A plan to juggle the administration structure temporarily—and maybe permanently –was reviewed by the Pelican Rapids school board.
Central to the plan is the promotion of Brian Korf to a combined interim superintendent/principal position. To manage the administrative workload, a new position, “Dean of Students” would be created.
On the financial side, the restructuring would save the district $75,000 to $85,000.
The plan is designed for a short term, of one year. At the same time, it could transition into a long term solution.
The structure was outlined May 26 by interim superintendent Jerry Ness –who will continue in that role until about Sept. 1. Principal Korf is expected to complete his superintendent license requirements in the next three months. Ness would then continue as “mentor” to the administrative team through the 2020-21 school year.
“While Mr. Korf does not have experience as a superintendent, he has served as acting administrator performing the daily superintendent duties during a very stressful time,” stated the executive plan. “He does have experience and knowledge of the students, staff, school board, and the Pelican Rapids community…He has a proven track record as an administrator…”
The plan essentially has a built-in “fallback position.”
The board is already aiming at a timeline, which calls for evaluation of the administrative restructuring, as well as Brian Korf’s performance, beginning in December of 2020. This would give the board plenty of time ahead of the end of the 2021 fiscal year, June 30, and the 2021-22 school year—if changes will be considered.
This approach keeps future options open. One hypothetical structure mentioned by school officials could be a single K-12 principal, with a superintendent; and support staff structure built around the activities director and Dean positions.
Current Pelican school administrators have gained crisis experience
“Trial by fire” is how interim superintendent Ness described the response of Korf, and the entire administrative team, in the wake of Superintendent Ed Richardson’s unexpected death in early April. This experience has been unfortunate—yet invaluable – for the front office administrative team, including Korf, elementary principal Derrick Nelson and business manager Rudy Martinez.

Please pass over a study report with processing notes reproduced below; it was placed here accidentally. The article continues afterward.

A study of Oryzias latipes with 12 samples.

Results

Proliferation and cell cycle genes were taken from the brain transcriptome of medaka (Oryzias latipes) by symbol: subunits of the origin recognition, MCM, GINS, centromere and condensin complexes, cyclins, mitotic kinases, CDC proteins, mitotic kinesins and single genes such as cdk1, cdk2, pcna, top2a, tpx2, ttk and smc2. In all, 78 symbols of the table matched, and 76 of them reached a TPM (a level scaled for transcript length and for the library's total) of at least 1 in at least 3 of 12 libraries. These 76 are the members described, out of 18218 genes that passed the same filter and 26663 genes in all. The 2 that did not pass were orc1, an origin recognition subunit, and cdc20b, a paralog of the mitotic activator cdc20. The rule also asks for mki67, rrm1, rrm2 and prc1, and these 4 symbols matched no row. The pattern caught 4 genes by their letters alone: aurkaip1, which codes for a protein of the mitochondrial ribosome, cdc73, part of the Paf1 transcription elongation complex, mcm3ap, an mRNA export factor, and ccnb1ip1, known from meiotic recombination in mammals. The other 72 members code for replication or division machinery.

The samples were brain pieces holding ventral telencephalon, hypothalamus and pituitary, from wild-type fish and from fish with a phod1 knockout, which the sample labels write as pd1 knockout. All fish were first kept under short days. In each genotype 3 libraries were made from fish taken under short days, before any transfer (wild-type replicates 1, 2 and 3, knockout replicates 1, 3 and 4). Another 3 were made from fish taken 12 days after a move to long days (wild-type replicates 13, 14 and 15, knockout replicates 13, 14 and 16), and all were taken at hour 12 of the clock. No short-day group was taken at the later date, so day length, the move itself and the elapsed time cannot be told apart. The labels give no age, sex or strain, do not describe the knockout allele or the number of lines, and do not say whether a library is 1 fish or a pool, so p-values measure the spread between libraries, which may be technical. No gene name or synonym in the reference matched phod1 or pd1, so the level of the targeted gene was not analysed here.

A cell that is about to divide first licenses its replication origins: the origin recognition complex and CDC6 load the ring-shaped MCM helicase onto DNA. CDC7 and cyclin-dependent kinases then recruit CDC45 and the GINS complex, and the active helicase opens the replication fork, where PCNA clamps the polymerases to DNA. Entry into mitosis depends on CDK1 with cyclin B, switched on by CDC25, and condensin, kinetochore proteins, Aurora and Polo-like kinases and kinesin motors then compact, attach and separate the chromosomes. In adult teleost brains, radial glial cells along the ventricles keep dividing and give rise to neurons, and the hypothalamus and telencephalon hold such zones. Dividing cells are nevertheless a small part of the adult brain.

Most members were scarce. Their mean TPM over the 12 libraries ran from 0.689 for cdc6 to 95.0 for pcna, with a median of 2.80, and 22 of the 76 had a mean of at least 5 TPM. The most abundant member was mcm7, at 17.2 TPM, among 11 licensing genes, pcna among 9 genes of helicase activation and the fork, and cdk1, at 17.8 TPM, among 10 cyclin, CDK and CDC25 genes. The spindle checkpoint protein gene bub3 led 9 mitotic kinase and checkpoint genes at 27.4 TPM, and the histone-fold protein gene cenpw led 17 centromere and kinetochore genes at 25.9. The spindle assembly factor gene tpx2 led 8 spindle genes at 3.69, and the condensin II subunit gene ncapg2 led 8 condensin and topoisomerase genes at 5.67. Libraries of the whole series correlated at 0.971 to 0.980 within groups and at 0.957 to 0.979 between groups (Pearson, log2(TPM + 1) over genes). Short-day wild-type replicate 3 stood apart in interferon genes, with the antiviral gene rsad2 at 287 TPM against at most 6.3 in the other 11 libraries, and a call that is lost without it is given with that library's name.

The school board voted 5-0 in support of the administrative plan.
“(Korf) has proven himself…I’d like to see him in the superintendent position…the trust is already there,” said board member Brenda Olson.
Board member Larson liked the flexibility of the plan. “It’s low risk and flexible,” said Larson.
“Nothing locks us in,” he said, noting that there is ample time in December-January to review progress, and make any fine-tuning or changes well ahead of the 2020-21 school year.
In the wake of a series of interviews of superintendent prospects, Olson said one of the comments made consistently was that the first year would include getting to know the community, the staff, the students. “(Korf) already has that…he’s already done,” said Olson.
Principal Korf’s desire to continue coaching discussed
The executive plan also notes that Korf plans to continue coaching. He is closely identified with girls basketball, which he coached to a state tournament bid in March 2020. He is also an assistant coach in football.
The workload of a superintendent-principal-coach prompted some discussion at the May 26 meeting.
Korf said that he would like to continue coaching, and in fact stated that if the superintendent appointment meant “no coaching, I’d prefer to stay put.”
Korf said his goal is to stay with the Pelican district until retirement.
“I have no plans to move on,” said Korf.
Coaching is an “extension” of the classroom and a way to connect with students. “I have no doubt that Brian will put his heart into it,” said board member Mike Forsgren, adding, however, “there are a lot of moving parts.”
Being a superintendent, a principal and a coach poses some unusual hierarchy or chain of command situations. Technically, the superintendent is the boss of the activities director and the principal; but the principal or athletic director is typically the superior of the coach.
Those concerns are “out there,” said board member Forsgren, though he added, “I’m not concerned myself.”
Board member Greg Larson said he had little concern about Korf’s ability to juggle the various responsibilities. He said concerns from the public are more a matter of perception.
“I’ve seen him on the school grounds at almost all hours of the day,” said Larson, who was a strong advocate for the administrative plan—and ultimately made the motion to forward it.
Interim Superintendent Ness acknowledged that a school administrator with a multiple of responsibilities and “hats” is “not typical, but not rare or uncommon, either.” Further, Ness noted that, in a sense, the superintendent schedule and workload is actually somewhat more flexible than a day-to-day, full-time principal.